How you handle your images after importing them into Photoshop is almost as important as creating the images themselves. In this set of preferences, you can specify how you want Photoshop to manage image previews, file extensions, and workgroup functionality.
You can also set file compatibility and the number of files that should be displayed in the list of recent files on the File menu.
1. If you are a Macintosh user, go to the Photoshop menu and select Preferences -> File Handling. If you are a Windows user, choose Edit -> Preferences and select File Handling.
2. In the File Preferences dialog box, the first set of preferences under File Saving Options concerns image previews. Image previews are small snapshots of the overall image. These images are referred to as thumbnails and allow for easier management of your files. You can set the image preview preference to Always Save, Never Save, and Ask When Saving.
3. The Macintosh version of Photoshop CS also enables you to select Icon, Full Size, Macintosh, and Windows Thumbnails. Select the Icon checkbox and the program displays the thumbnail as its file icon on the desktop. If you check Full Size, then the program saves a 72 points per inch (ppi) version of the file for use in other software applications that support low-resolution Photoshop images for quicker workflow. If you select Macintosh Thumbnail, you get a preview of the image in an Open dialog box; likewise the Windows Thumbnail option saves a preview for Windows operating systems.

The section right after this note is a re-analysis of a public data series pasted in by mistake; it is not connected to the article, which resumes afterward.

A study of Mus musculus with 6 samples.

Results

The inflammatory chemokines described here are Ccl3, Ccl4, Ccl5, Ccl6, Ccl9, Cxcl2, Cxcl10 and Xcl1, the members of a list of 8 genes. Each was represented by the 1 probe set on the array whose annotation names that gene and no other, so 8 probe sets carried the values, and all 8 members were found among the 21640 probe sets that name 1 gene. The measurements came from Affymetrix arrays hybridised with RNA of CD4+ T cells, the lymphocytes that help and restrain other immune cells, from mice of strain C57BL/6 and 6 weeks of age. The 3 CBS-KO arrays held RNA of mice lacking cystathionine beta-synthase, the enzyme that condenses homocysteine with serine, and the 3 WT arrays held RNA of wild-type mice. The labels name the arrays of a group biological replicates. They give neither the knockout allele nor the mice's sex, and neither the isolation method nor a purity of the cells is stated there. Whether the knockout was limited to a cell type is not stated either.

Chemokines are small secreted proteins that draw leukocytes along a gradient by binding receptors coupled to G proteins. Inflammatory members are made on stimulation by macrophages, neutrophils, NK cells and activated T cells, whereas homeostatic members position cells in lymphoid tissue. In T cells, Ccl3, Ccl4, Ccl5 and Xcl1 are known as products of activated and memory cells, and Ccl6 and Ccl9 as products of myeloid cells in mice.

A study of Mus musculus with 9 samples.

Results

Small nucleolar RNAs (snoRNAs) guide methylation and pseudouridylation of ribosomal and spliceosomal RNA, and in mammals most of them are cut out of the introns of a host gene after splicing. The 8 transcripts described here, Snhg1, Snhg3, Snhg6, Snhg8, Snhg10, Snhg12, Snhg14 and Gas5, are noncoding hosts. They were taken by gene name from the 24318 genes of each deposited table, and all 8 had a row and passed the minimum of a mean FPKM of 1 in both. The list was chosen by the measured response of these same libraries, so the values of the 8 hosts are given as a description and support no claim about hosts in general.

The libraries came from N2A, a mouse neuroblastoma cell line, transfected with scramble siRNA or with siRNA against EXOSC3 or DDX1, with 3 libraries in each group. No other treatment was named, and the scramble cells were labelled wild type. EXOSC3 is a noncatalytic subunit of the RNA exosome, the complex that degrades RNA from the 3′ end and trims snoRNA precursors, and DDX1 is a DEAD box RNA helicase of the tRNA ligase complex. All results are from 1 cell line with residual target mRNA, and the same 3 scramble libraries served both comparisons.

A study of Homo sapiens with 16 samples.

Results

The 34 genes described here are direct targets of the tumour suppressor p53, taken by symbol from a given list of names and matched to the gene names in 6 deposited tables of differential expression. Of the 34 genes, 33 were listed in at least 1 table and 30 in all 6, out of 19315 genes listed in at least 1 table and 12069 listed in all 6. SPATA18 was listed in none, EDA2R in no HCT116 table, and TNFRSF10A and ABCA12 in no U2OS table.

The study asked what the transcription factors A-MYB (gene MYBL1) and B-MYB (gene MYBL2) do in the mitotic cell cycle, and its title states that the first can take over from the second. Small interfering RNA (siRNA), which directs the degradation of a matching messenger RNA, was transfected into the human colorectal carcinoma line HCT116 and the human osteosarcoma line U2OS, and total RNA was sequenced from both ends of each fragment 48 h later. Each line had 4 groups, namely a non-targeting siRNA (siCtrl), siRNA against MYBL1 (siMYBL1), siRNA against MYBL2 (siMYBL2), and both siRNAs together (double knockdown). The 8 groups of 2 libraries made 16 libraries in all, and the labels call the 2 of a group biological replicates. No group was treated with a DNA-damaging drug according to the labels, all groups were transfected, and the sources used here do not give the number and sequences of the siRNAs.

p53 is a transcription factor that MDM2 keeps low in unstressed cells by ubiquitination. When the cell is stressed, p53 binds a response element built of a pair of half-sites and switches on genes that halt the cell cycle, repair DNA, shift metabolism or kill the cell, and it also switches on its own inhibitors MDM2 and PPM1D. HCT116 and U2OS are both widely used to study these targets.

4. The set of preferences under File Saving Options controls whether the program appends file extensions when saving files. A file extension consists of three (or four) letters preceded by a period at the end of a file name. While not needed for Macintosh operating systems, file extensions help Windows systems determine what kind of application is needed to open the file.
5. If you want Photoshop to ignore the EXIF sRGB tag when you import images from your digital camera, select the Ignore EXIF sRGB Tag checkbox under File Compatibility. The EXIF file provides information that comes from your digital camera and helps programs like Photoshop determine the color space for the digital photos.
6. To be reminded about saving a TIFF file with layers, check Ask Before Saving Layered TIFF Files under File Compability. In order to share TIFF files with clients or colleagues working on different platforms, who might not have Photoshop, you would want to make sure not to send a TIFF file with layers.
7. If you work with large digital images, you might want to select the Enable Large Document Format checkbox. The Photoshop file format (.psd) is constrained to 30,000 by 30,000 pixels, wheres as the Large Document Format (with the extension .psb) supports images larger than 30,000 pixels.
8. To ensure greater backwards compatibility for your files with older versions of Photoshop, check Always Maxmize Compatibility for Photoshop (PSD) Files.
9. To turn on workgroup functionality, select Enable Version Cue Workgroup File Management.
10. The bottom part of the File Handling preferences dialog box enables you to specify how many files are listed in the file menu when you select File -> Open Recent.